While shuffling through vintage postcards in an antique store, I ran across this letter.

While shuffling through vintage postcards in an antique store, I ran across this letter.

[To] Miss Mollie Coulson, Forreston, Texas, Ellis County

[From] W.T. Eddleman, Boz, Texas, 11-26-1895

Kind Friend,

“I will write you a few lines to let your know how lonesome I have been. All day you want think hard of me. I hope for my coming this Evening as it was so bad. For I have been wishing for a pretty Sunday for two week and expecting a nice time with you for when I am with you is all the pleasure I have. It use to be if I didn’t come I could go off some where else and be satisfied but not so now for you never leave my mind now but a minute at a time and I hope you think of me often for you are all the woman I ever wanted in my life and I must have you and you can be ready any time for I will come after you as soon as I can get my house and you must be ready. I will come next Sunday if nothing goes wrong. Write me a long letter and remember your friend. I love you.”

Boz, Texas

Boz, Texas existed 142 years from 1850 until the federal government acquired the land in northern Ellis County for the proposed superconducting supercollider about 1992. At one time it had a grade school, blacksmith, gin, barbershop, three stores, and a Masonic building. Now, the only remnant is Bethel United Methodist Church. It was a few miles southwest of Waxahachie and a sister community named Bethel. It seemed Boz and Forreston were a long way apart but in fact the distance was only that from downtown Shawnee to the mall. After extensive research I was unable to learn anything about W.T. and Miss Millie, but I did learn about the places involved.

“Places in the Heart”

Robert Benton [dob 1932] grew up in Waxahachie, county seat of Ellis County. He wrote and directed filming of the 1984 movie “ Places in the Heart” for which he won an Academy Award as Best Screenwriter and Sally Fields won the Oscar for best actress. The film was shot in Waxahachie and Boz, depicting life there in 1935.

The film begins with an innocent black youth being lynched by the Klan. The plot revolves around a recently widowed white woman faced with the necessity of raising a cotton crop without any knowledge of cotton farming. A black vagrant appears and ultimately is hired to essentially take over control of the cotton crop. Members of the community come to her rescue in picking the crop in time to win the $100 prize for the first crop to market.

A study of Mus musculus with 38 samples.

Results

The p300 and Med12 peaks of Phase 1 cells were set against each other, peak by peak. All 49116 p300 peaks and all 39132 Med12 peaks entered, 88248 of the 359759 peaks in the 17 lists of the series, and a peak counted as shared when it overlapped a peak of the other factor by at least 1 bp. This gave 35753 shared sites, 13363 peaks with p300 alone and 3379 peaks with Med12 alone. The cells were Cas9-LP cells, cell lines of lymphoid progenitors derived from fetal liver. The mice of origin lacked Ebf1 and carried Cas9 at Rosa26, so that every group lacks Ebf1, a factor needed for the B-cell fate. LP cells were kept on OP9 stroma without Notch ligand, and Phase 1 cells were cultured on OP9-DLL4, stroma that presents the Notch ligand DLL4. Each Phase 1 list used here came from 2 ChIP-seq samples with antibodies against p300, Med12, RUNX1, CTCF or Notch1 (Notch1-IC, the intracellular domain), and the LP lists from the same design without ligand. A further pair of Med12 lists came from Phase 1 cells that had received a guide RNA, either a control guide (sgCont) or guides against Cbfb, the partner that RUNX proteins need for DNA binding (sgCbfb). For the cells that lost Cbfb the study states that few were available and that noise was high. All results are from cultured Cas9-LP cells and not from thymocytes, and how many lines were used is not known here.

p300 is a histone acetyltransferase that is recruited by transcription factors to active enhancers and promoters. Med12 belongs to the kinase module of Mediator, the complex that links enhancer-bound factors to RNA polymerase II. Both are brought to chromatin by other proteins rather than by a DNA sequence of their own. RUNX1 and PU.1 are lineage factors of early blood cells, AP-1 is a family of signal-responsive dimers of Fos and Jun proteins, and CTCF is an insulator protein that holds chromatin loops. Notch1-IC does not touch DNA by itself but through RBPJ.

With the prize money she was able to pay her mortgage payment thereby saving her farm from foreclosure. Afterward, the Klan brutalizes the black man, forcing him to leave the area.

Except for the role of the blacks in the film, the film is fairly realistic in its depiction of the area then. The final scene, shot in the Bethel church, is totally unrealistic e.g., entirely from a place solely in the writer’s heart. In it, members of community past and present, and representing every demographic segment, share prayer, singing, and communion.


Clearly, Robert Benton wrote of what he wished were true in his home town in 1935 not the reality then or now. Census records for Ellis County in 2000 show 10% blacks compared with 9% in 2010. Dallas creep in the northern part of the county record 10% blacks in 2016. Hollywood has long pursued moral and ethical agenda not always in tune with mine e.g.,first dates ending in bed and shameless living together and child bearing by unmarried couples.

There was ‘community’ in Ellis County back then because of demographic homogeneity that continued through 2010 but is now eroding as old timers in the south part of the county die and Dallas commuters having different socioeconomic [SES] characteristics move into the northern part of the county.

The communion in church among all kinds and ages of persons in the church that was missing in the community is mythical but depicts a place in my heart of a oneness among Christians we shall know someday.

Segregation then was racial as predicted in the 1968 Kerner Report e.g., “Our nation is moving toward two societies, one black, one white—separate and unequal.” Today we have two separate and different societies based not on race but lifestyle choices and socioeconomic factors such as education, occupation, and income. These two societies live apart geographically, socially, and are angry and not talking to each other as evidenced by the 2016 election.* People like Robert Benton, wealthy, highly educated professional, resident of NYC is now as separated from his classmates back in Waxahachie as blacks were from whites in 1935. ** There is no record of the author returning to Waxahachie after filming 33 years ago.

* Bill Bishop, The Big Sort, NY: Houghton-Mifflin, 2008.

** Pictures 4-7 courtesy of Shannon Simpson, Ellis County Museum.